7 Things Teachers and Leaders Can Learn from Coaches

When we stop to analyze what coaches do on a regular basis to grow individual players and teams, it doesn’t take long to realize they are modeling excellent teaching and leadership strategies. Oftentimes they may not even realize this. It’s just what effective coaches do. 

We can all learn from our coaches, and I hope this reflection encourages all of us to step up our games as we seek to grow the students and teachers we serve.

Below are seven things great coaches do extremely well. 

Great coaches share their vision of high expectations for players and teams. Expectations for personal conduct, individual growth, and team success are discussed regularly during practices, games, and film sessions. A vision and subsequent expectations drive a team’s effort and commitment towards excellence. 

Great coaches are excellent communicators. Not only do they regularly communicate their vision and expectations, but they visit with players individually to offer feedback and evaluation. Their players have the opportunity to share what they believe to be their strengths and weaknesses, as well as how they envision their contributions to the team. Together, coaches and players set individual goals for improvement. Coaches will use these opportunities to share with their players what they see as their strengths, where they can grow, and how their contributions can benefit the team.

Great coaches have a team of players who will “run through a brick wall” for them. This doesn’t happen by accident. Great coaches make a point to build relationships by: 
  • Offering regular encouragement
  • Demonstrating care, concern, and interest in their players as people
  • Providing players a voice on the team. Players appreciate when their perspective matters and when they’re empowered with freedoms and responsibilities. 

Great coaches set an amazing example of providing effective feedback. The feedback is timely, purposeful, and followed by an opportunity to demonstrate understanding. It is common for coaches to stop practice multiple times to provide feedback to individuals and the team. Feedback also occurs in games during timeouts, at halftime, and when a player is resting on the bench. This feedback is driven by the vision and expectations which have already been shared by the coach, and understood and agreed upon by the players.

Great coaches must first, and foremost, model expectations of excellence for personal conduct, character, and integrity. Great coaches are also effective at modeling what excellence (success criteria) looks like in their particular sport. They constantly model proper techniques while continuing to provide effective feedback. Players are then able to visualize what success looks like and use their new mental images to correct mistakes and grow as players. 

Great coaches use video so players can see themselves in action. The conversations and feedback during film sessions can be extremely powerful at showing players where they’re performing very well and also areas which need improvement. 

Professional Learning
Great coaches are students of their craft. They constantly seek ways to help their players maximize potential. One way they do this is by searching for new drills to improve their players' fundamentals. Practice time is limited, so it is important to get the team game-ready in the most effective, most efficient manner possible. They observe what other coaches do in case there's something which could be implemented with their own team. Sometimes it's a drill, as mentioned, while other times it's an offensive or defensive set or scheme. If there's a way to make their players or teams better, they are quick to add it to their repertoire. Great coaches are constantly finding ways to learn more about their sport, coaching, and leadership. They do this by networking with other coaches, watching film, observing other coaches in action, reading coaching literature and playbooks, etc. Great coaches understand they do not have all of the answers and must constantly be learning and improving to give their players the best opportunity for success.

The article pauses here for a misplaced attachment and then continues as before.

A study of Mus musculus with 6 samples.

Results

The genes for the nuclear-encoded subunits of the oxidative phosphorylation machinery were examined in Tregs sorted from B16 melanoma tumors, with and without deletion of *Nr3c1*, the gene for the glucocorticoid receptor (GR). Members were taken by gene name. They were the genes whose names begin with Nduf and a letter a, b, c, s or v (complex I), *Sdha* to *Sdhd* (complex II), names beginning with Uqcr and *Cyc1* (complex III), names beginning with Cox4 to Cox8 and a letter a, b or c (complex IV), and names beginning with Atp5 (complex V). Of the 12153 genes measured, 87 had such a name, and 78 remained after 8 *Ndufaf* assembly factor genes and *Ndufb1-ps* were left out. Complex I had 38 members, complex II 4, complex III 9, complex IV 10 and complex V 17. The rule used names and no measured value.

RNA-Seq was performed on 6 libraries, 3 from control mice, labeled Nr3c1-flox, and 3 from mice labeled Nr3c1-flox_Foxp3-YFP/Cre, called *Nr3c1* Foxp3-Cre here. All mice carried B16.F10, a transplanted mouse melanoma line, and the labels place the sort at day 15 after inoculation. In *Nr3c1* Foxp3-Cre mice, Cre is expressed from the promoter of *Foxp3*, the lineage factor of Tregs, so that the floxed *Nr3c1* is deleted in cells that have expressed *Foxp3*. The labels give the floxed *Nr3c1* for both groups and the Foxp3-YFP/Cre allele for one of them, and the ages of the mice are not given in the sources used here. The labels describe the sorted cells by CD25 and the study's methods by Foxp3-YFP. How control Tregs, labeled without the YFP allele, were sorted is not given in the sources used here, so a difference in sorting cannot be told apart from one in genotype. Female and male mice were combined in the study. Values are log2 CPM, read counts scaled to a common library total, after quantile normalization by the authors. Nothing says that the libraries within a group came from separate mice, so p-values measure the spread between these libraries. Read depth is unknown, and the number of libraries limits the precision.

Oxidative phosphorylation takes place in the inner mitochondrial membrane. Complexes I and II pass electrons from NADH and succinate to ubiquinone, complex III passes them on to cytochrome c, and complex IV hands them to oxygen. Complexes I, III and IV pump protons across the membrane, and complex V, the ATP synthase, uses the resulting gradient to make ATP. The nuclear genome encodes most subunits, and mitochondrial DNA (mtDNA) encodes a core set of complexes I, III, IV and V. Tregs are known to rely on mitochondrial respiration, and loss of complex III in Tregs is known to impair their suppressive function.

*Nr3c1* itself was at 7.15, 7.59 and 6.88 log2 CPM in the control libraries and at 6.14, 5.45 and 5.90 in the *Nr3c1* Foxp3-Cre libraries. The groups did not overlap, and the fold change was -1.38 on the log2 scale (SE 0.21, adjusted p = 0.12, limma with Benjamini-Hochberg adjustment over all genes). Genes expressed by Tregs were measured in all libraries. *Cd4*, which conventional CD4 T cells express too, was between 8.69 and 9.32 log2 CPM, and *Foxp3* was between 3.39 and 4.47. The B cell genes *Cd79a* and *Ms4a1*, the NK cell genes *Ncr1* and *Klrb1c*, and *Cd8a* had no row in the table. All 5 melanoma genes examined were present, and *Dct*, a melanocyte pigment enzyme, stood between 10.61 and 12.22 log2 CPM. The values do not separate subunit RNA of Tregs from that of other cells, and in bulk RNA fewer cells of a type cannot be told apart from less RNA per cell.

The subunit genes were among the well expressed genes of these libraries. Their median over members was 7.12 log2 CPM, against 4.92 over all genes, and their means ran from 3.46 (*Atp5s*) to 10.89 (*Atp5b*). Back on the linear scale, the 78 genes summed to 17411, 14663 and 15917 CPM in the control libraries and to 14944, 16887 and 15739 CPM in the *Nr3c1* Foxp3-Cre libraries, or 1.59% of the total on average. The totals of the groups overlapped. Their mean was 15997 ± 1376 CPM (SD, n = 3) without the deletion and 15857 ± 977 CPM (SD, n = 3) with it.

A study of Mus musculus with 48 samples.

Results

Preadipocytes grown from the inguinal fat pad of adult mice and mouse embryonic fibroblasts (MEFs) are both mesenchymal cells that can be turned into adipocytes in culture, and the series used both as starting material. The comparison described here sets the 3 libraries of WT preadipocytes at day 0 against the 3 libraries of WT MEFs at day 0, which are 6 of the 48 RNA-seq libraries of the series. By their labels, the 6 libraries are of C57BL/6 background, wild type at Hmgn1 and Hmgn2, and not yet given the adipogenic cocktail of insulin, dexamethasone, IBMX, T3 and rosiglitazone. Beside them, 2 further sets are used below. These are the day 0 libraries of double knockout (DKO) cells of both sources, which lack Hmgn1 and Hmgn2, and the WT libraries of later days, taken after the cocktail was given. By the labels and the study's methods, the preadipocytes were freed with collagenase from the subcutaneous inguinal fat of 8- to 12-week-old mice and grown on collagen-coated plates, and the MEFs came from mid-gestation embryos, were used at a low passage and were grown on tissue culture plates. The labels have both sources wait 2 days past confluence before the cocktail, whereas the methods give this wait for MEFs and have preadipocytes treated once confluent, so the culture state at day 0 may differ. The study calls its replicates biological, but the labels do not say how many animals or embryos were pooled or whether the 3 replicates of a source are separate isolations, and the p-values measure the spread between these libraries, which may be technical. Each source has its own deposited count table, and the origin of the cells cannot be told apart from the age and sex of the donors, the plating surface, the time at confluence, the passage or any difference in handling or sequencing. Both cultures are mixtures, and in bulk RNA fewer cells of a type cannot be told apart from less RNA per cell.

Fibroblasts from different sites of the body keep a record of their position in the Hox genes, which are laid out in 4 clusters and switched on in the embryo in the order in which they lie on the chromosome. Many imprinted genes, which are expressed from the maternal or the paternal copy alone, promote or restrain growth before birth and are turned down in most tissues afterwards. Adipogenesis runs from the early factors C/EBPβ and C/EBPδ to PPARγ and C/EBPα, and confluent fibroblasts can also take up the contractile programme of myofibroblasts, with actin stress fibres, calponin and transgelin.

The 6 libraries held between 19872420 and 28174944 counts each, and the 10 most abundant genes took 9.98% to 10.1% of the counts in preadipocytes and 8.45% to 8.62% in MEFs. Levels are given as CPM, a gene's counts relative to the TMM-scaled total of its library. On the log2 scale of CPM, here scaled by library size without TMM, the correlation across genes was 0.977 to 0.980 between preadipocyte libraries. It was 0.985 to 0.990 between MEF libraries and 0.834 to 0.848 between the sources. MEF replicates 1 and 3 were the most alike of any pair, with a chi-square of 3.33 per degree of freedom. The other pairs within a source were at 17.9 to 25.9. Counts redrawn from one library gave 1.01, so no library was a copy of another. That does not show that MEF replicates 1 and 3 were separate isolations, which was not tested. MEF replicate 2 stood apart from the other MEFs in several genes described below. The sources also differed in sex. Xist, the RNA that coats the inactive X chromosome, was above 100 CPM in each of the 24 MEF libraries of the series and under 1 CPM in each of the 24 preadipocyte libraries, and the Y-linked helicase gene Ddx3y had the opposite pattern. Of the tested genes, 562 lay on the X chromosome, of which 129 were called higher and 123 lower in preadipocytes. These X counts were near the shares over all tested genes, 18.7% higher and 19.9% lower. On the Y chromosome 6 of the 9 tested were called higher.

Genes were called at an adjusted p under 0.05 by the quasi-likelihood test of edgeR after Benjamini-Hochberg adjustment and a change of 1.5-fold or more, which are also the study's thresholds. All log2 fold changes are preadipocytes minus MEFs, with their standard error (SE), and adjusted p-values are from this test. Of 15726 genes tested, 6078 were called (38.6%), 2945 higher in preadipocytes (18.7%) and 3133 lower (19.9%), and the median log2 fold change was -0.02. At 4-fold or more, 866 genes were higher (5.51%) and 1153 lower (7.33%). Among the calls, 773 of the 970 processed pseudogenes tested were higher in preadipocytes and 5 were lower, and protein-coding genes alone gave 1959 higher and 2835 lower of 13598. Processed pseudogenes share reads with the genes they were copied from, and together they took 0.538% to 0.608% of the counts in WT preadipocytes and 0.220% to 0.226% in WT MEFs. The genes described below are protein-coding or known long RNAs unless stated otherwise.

Each of the first six things are related to some of the most powerful influences on student achievement according to John Hattie’s Visible Learning Research. The hinge point in the Visible Learning Research is 0.40, which is one year’s growth for one year’s time. Below are effect sizes for some of the strategies mentioned above:
  • Vision, expectations, and goal-setting may be most closely related to Teacher Clarity which has an effect size of 0.75 - almost two years' worth of growth in one year’s time.
  • Student-teacher relationships have an effect size of 0.52.
  • Feedback has an effect size of 0.70. Modeling can also be an important component to feedback.
  • Micro-teaching has an effect size of 0.88.

As I reflect on these seven areas, I am reminded of the need for me to be better with each of them. Whether you serve as a coach, teacher, or administrator, how can these help you foster a culture of growth and excellence?

Doug Dunn is currently athletic director and junior high principal for the Licking (MO) School District. He has previously served as a K-8 superintendent and elementary principal. Doug can be found on Twitter at DougDunnEdS.